GSA suspects that the alleged fraudulent activity impacted only a limited number of entities.  GSA has since notified the affected entities, and deactivated their SAM registrations.  GSA also required these entities to validate and confirm their registration and bank account information in SAM before reactivating their SAM registrations.






The rule becomes effective on January 1, 2017.



After-action reviews nearly always identify signals that a crisis was about to begin. Small hints, tips, strange comments, or different attitudes from a customer. Something will be there. But these clues can be difficult to spot in the moment by busy in-house counsel or senior executives on the front lines of the business.

While skilled lawyers and professionals are available to support companies in full-blown crises, these teams with their cross-cutting skills are often engaged too late to shape the narrative before an all-consuming defense effort begins.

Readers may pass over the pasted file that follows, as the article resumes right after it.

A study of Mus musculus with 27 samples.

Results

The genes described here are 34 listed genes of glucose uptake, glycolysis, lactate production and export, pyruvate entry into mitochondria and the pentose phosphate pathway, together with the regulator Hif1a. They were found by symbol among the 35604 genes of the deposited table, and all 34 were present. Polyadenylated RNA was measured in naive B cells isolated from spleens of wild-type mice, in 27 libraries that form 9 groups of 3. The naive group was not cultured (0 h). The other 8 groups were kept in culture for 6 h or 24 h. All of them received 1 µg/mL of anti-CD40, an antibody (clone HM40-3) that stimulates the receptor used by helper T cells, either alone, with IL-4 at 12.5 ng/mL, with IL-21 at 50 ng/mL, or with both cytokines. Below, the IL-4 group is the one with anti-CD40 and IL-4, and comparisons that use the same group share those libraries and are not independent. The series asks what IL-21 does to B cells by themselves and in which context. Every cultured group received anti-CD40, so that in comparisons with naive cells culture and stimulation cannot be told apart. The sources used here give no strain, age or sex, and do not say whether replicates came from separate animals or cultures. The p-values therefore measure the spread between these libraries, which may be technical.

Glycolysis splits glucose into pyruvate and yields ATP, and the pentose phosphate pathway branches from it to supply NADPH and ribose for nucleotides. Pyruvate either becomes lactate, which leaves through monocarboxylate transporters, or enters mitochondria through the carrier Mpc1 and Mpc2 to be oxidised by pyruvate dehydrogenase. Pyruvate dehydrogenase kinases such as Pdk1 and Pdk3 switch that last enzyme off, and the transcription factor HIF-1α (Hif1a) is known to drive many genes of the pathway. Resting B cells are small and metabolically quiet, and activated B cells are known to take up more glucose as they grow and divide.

So the question becomes, how do government contractors get out in front of emerging issues, manage their risk, and mitigate as much of an impending crisis as possible? One possible answer is that systematic risk assessments and response protocols need to evolve to consider the emerging risk of parallel enforcement proceedings—to include suspension and debarment from further government contracting work—as well as the changing dynamics involved in settling a matter with the Department of Justice without a fulsome disclosure of misconduct by individuals.



On November 27, 2015, the Office of Government Ethics (“OGE”) issued a proposed rule that would revise the portions of the Standards of Ethical Conduct for Executive Branch Employees that govern the solicitation and acceptance of gifts from outside sources (“Standards”). See 5 CFR § 2635. Although it is a proposed rule (with the comment period closing on January 26, 2016), the OGE has identified several areas in which the new language is meant to “clarify” the existing rules and “incorporate past interpretive guidance.”